Migrating isn’t easy, especially in Venezuela where, according to the United Nations High Commissioner for Refugees (UNHCR), 5.1 million people have left not because of a war, but because of plain and simple hunger. But for some of those migrants, the COVID-19 pandemic meant a forceful return after living on a day-to-day basis, unable to afford rent anymore. Today, they’re waiting for the quarantine to be over to start a life, again, from scratch.
A 27-year-old woman from Barquisimeto, Lara State (who asked to remain anonymous), says that she left for Cúcuta, Colombia, during the first days of January 2020. Her aunt and uncle had already moved there in mid-2019 and they made a living teaching acting. The young woman, who was an Arts major at the Universidad Central Lisandro Alvarado and was only missing her thesis, decided to leave and try her luck.
She was able to work as an arts teacher for only two months. Her employers had to send her home because of the pandemic, and she didn’t have savings to pay for her room, so she had no choice but to return to Venezuela. Her aunt and uncle were left without pesos too, even though they had spent more time in Colombia, and were also forced to leave. “If we ate, we couldn’t pay rent. If we paid a month’s rent, then we couldn’t eat. We returned to Venezuela because at least we have our own place here,” says the young lady’s aunt, who requested to remain anonymous.
On April 29th, the three of them entered Venezuelan soil. The government that expelled them through absurd economic policies, received them with mismanagement. The young Larense and her aunt and uncle, had to spend six nights in the San Antonio del Táchira bus terminal, near the border with Colombia, waiting for a bus from the Maduro administration to take them to Barquisimeto.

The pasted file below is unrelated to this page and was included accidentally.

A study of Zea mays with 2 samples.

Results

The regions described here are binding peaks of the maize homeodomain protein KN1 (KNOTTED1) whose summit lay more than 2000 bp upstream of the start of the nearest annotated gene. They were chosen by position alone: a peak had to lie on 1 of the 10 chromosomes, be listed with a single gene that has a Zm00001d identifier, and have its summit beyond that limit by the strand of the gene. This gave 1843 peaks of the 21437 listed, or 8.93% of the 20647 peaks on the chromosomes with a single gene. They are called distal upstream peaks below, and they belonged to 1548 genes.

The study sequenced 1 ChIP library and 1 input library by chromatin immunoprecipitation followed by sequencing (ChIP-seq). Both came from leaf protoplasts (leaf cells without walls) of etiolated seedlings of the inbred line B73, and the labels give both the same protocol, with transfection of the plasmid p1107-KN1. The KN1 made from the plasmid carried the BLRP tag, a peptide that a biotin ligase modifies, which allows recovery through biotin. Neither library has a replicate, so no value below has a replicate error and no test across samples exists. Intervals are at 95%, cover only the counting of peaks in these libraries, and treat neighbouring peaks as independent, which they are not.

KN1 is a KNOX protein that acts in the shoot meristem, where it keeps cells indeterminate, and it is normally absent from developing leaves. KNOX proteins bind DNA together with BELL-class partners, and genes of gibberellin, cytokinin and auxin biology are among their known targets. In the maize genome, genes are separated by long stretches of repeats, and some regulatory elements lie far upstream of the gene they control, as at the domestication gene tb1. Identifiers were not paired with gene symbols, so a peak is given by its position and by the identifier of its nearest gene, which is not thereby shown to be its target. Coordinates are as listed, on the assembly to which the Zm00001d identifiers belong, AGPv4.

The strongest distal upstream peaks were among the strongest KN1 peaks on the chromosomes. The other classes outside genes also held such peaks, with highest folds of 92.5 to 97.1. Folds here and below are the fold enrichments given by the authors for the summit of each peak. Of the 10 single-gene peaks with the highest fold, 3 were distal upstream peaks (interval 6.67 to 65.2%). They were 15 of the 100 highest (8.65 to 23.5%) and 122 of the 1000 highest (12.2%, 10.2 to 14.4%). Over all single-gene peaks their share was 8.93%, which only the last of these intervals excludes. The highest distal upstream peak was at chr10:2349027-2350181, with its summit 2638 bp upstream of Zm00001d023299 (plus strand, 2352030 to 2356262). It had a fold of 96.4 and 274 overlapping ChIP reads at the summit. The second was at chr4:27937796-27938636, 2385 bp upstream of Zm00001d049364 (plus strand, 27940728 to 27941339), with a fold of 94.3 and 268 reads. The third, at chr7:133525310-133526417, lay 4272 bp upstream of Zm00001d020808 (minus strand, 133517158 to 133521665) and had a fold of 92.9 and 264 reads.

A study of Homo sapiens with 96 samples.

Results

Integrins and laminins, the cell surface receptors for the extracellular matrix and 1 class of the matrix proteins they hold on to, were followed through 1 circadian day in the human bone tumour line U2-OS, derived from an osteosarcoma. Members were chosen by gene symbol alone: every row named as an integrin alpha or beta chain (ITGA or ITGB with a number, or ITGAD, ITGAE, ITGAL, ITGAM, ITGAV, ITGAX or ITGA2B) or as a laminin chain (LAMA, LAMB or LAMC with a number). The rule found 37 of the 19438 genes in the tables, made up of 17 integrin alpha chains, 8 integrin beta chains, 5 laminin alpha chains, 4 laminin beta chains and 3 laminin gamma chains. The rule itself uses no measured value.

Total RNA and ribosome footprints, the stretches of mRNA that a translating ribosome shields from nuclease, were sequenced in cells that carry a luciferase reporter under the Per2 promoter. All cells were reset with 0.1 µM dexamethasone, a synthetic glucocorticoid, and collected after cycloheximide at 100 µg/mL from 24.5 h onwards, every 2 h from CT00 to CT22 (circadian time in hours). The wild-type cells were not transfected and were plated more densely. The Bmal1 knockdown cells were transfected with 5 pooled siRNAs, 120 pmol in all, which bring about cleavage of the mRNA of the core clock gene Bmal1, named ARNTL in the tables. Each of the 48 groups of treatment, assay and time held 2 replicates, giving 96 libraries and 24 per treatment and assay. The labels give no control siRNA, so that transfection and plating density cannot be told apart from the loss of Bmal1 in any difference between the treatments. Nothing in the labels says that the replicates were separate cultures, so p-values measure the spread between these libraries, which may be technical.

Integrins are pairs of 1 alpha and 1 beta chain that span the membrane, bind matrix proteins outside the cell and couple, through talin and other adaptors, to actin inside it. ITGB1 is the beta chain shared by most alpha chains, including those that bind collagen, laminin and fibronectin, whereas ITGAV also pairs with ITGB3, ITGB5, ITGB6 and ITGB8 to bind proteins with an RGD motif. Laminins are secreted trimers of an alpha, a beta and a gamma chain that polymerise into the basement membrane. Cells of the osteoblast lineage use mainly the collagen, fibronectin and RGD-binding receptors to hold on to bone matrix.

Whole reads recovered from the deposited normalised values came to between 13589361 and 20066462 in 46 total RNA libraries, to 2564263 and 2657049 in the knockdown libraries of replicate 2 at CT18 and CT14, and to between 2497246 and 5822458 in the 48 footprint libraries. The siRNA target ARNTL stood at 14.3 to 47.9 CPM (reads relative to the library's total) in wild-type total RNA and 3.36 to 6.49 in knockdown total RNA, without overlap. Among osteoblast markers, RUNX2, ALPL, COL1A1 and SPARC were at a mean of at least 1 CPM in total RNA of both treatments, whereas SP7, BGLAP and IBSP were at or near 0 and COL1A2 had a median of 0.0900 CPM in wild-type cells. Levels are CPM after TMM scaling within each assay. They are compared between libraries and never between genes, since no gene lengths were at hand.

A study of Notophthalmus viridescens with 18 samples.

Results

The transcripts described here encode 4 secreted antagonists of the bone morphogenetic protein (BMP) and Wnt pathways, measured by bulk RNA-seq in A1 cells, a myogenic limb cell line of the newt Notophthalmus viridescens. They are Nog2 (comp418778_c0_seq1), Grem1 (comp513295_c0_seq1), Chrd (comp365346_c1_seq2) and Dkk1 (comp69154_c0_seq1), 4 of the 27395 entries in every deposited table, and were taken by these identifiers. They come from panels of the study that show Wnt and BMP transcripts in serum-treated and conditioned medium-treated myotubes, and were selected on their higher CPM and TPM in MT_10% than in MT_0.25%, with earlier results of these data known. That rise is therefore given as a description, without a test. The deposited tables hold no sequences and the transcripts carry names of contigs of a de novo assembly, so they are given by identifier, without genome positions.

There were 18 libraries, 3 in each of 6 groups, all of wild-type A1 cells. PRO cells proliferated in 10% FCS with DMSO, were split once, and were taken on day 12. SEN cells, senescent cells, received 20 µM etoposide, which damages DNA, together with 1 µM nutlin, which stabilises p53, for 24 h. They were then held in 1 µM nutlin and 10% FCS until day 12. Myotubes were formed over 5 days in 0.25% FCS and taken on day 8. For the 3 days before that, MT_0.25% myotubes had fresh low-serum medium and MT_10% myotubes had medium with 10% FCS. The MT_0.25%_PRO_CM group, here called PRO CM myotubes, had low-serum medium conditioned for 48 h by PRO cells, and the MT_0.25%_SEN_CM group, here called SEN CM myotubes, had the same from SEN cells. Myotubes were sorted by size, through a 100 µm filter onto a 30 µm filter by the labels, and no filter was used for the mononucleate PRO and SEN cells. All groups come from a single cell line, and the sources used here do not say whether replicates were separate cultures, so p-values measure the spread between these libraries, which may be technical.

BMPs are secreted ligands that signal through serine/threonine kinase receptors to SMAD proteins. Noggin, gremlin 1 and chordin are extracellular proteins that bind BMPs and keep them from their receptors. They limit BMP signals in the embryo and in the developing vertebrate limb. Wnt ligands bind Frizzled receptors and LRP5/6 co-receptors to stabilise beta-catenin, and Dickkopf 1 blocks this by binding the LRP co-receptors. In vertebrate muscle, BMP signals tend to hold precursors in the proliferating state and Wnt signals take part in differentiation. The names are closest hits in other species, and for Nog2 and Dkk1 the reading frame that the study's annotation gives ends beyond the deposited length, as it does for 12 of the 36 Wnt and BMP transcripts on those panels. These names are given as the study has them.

On May 6th, they reached their assigned shelter: the Villa Bolivariana. All three of them spent 14 days in lockdown, where the young woman says that things “were unbearable”. She says that they got locked inside an apartment, and the door would open only when food was brought in, “food that you wouldn’t give to a dog.” She says that the apartment had no running water (rationed for one hour a day) and the place was shared with people. She also says that Cuban doctors would go by every day to check on people and would recommend medicine to those with any disease.
Today, they’re waiting for the quarantine to be over to start a life, again, from scratch.
After officers from the National Guard allowed them to leave, she was able to see her mother after three months, a moment she says she’ll never forget.
Although her love for her family can be a big reason to stay, she says that she can’t. Ever since she came back, she’s been working as a private tutor, because the pandemic also forced schools to close. What each parent pays for their child is barely enough for her to live, and this encourages her to flee again.
The girl is now waiting for the COVID-19 pandemic to be over, or for a vaccine to come out. Her first goal is to hand in her thesis and graduate; she’ll then leave, this time for Spain. “It’s a more stable country and with less xenophobia,” she says.
Also Expelled by South America
Ángel, a 27-year-old from Táchira State, is on the same side of the curb. In 2017, he left for Lima, Peru, with his girlfriend. After working at a cake factory where he was forced to handle hot batter without the proper tools, he decided to return in December 2019.
When he left, Ángel had to quit his 7th semester in Animal Production Engineering at the Universidad Nacional Experimental del Táchira. When he returned to San Cristóbal, capital of the state, he told himself that he’d finish it, not counting on a short circuit that would burn down the area where the university holds the entire student body database. The staff couldn’t reinstate him because they didn’t know which subjects he had passed.
The area where Ángel lives has power cuts for six to eight hours each day, and in January and February he experienced (once again) what it’s like to spend two days in line to fill up a tank of gas.
So, in March, he decided to leave again, hoping for the pandemic to be over soon so that he can go and get a job in the United States. Latin America, to him, is the same as Venezuela: bad wages, work exploitation and xenophobia, a trade of old problems for new ones. “In America, you break your back working, but you get paid well. In Peru and those countries, you work hard, and your salary is just enough for food and rent.”